A warning to wannabe rehabbers

3 Replies

I know a lot of you think rehabs are a great source and IMO they are. But, be careful you don't bite off more than you can chew, and make sure you doublecheck your numbers, then doublecheck them about 6 more times.

I've been doing this for almost 30 years so I'm not a virgin. I still like doing it but I don't need the money, or the hassles. I bought a little pier and beam frame house back in April that was a real wreck! I knew it would be a moneymaker since I was buying it for $24K and I looked at it six ways from Sunday before making an offer.

Some things I knew it needed.

Roof and some of the roof decking
Some interior doors and replace a crappy sliding door.
Siding, part was Masonite, part was T-111, lots was termite and water damaged
Some structural. I knew that at least 8 feet of studs were termite eaten away.
A fair amount of plumbing
Pretty much all new baths, and kitchn.

Anyway every time I looked at it I added another $500-$750 to my last estimate, I'm not quite done with the living room-dining room ceiling, still have to texture and paint the walls in those rooms as well. Haven't done a thing to the kitchen.

I had figured my total MATERIALS at $9K, I'm at $8K now and still need some tile and kitchen cabinets, countertops etc. Luckily it's a small kitchen!
I knew some roof decking was bad, turned out about 40% was!
I figured about $300 for electrican, it was $600, but he did some extras though.
Replacing the AC was about $700 more, all the flex duct was bad and the registers were pretty rusty.
Ended up with more termite eaten studs than I had anticipated.

On the plus side some friends GAVE ME 5 gallons of high dollar exterior paint that was extra when their place was repaintd. They also GAVE ME 7 really expensive interior doorknobs (4 privacy, 3 passage) that they didn't like once they got them. These things are more expensive than any doorknob I've ever bought and they wouldn't accept a nickel for them. Another plus is yard sale light fixtures and kitchen sink!

I've already had an offer of $75K from a couple that saw it when it was a WRECK. Even if I go nuts on the kichen and second bath I won't have a total of $40K in it (I had hoped for $35K max), so I know I'm going to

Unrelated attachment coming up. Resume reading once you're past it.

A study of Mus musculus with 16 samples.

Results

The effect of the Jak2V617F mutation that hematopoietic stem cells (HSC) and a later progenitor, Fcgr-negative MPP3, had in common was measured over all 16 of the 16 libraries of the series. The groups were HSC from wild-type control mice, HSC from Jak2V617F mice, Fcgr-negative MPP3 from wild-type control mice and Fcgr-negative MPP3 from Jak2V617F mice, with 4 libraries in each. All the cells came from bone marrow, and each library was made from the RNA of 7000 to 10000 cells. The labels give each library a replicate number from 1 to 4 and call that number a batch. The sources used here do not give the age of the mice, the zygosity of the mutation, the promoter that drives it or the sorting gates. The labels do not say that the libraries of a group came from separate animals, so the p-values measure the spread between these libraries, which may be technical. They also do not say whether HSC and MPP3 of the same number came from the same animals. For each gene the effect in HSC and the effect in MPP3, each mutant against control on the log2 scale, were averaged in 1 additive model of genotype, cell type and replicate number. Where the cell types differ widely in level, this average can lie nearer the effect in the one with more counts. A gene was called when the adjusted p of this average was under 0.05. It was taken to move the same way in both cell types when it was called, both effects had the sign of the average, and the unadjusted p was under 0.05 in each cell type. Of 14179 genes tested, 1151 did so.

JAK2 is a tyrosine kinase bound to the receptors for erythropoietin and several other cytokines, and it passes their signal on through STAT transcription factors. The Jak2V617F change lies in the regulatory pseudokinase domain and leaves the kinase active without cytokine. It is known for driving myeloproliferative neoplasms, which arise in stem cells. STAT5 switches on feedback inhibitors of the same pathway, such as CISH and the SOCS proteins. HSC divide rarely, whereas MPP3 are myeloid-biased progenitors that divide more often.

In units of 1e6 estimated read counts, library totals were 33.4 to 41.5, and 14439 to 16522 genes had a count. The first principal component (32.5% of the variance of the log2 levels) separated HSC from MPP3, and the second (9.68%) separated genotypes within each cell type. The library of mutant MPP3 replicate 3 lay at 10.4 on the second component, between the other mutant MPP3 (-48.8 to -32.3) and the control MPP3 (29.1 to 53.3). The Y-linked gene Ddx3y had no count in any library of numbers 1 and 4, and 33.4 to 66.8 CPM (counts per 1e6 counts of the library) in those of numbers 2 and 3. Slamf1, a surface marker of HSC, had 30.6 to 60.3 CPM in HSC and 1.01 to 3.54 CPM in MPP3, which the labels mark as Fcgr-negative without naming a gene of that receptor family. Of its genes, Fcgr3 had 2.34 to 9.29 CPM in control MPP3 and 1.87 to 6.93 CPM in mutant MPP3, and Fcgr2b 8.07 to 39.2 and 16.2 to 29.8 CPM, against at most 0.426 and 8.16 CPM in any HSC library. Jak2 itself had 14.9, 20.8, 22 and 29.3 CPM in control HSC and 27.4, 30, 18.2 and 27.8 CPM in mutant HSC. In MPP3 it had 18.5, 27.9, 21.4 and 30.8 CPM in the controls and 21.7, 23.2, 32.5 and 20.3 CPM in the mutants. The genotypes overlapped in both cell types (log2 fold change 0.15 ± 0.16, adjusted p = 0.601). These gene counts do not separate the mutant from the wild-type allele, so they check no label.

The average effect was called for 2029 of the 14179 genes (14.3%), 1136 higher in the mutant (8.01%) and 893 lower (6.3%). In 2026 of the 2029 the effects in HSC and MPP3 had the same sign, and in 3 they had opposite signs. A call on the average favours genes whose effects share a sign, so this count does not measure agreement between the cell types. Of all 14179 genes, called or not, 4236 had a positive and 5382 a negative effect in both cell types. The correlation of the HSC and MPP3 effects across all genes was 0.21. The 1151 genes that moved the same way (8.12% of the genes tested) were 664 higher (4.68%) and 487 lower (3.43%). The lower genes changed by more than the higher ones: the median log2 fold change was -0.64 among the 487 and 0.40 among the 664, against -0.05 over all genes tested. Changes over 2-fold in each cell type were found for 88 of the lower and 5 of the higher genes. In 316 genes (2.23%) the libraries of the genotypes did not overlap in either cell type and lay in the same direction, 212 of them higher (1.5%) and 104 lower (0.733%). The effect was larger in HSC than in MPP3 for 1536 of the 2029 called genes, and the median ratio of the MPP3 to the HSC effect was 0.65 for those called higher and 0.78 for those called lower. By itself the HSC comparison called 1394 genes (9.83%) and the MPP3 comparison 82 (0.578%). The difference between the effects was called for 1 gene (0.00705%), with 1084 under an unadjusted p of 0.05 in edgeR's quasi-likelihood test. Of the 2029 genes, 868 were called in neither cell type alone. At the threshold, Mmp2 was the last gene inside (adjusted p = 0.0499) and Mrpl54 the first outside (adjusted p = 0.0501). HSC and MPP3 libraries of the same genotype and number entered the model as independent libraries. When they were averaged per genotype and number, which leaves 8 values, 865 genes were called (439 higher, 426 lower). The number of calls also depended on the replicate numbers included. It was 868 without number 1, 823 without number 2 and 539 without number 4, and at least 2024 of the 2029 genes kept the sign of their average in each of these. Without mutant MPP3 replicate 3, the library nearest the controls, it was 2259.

make out fine on it. But this should be a warning to those of you who take on the real thin deals.

all cash

Great one. Where on the planet do you find a property for 24k, though? Was it on the MLS, or did you buy direct from door knocking or cold-calling? Thanks!

Well Brent I'll have to admit that this was the cheapest house I've bought since the oil price induced crash of the mid '80s. I've put more time into this pig than I had anticipated and now have a total of $40K in it. Although I put my first ad in the paper on Friday.

The bad part of buying this, beside cutting way into my golfing time is that because I had to pass on a house a block away that was in pretty good shape that I could've had in the mid 40s, and one across the street from me that I could've had for about $130K. I had the cash to have done them, but I'm conservative enough that I don't like to have that many irons in the fire at one time any more.

The house is in central TX, we're about an hour west of Austin and an hour and 20 minutes north of San Antone. Although mid $20s is pretty cheap even for our market. It was on the MLS for $29K but when the HUD auction came up I went for it.

all cash

You got it at the HUD auction, despite it being listed for $29k on MLS? Are properties often listed on the MLS if they are heading to auction? Even if you got it for the $29k, it was a steal, assuming the offer of $75k, huh?!

Do you find that you can locate better deals in more rural areas?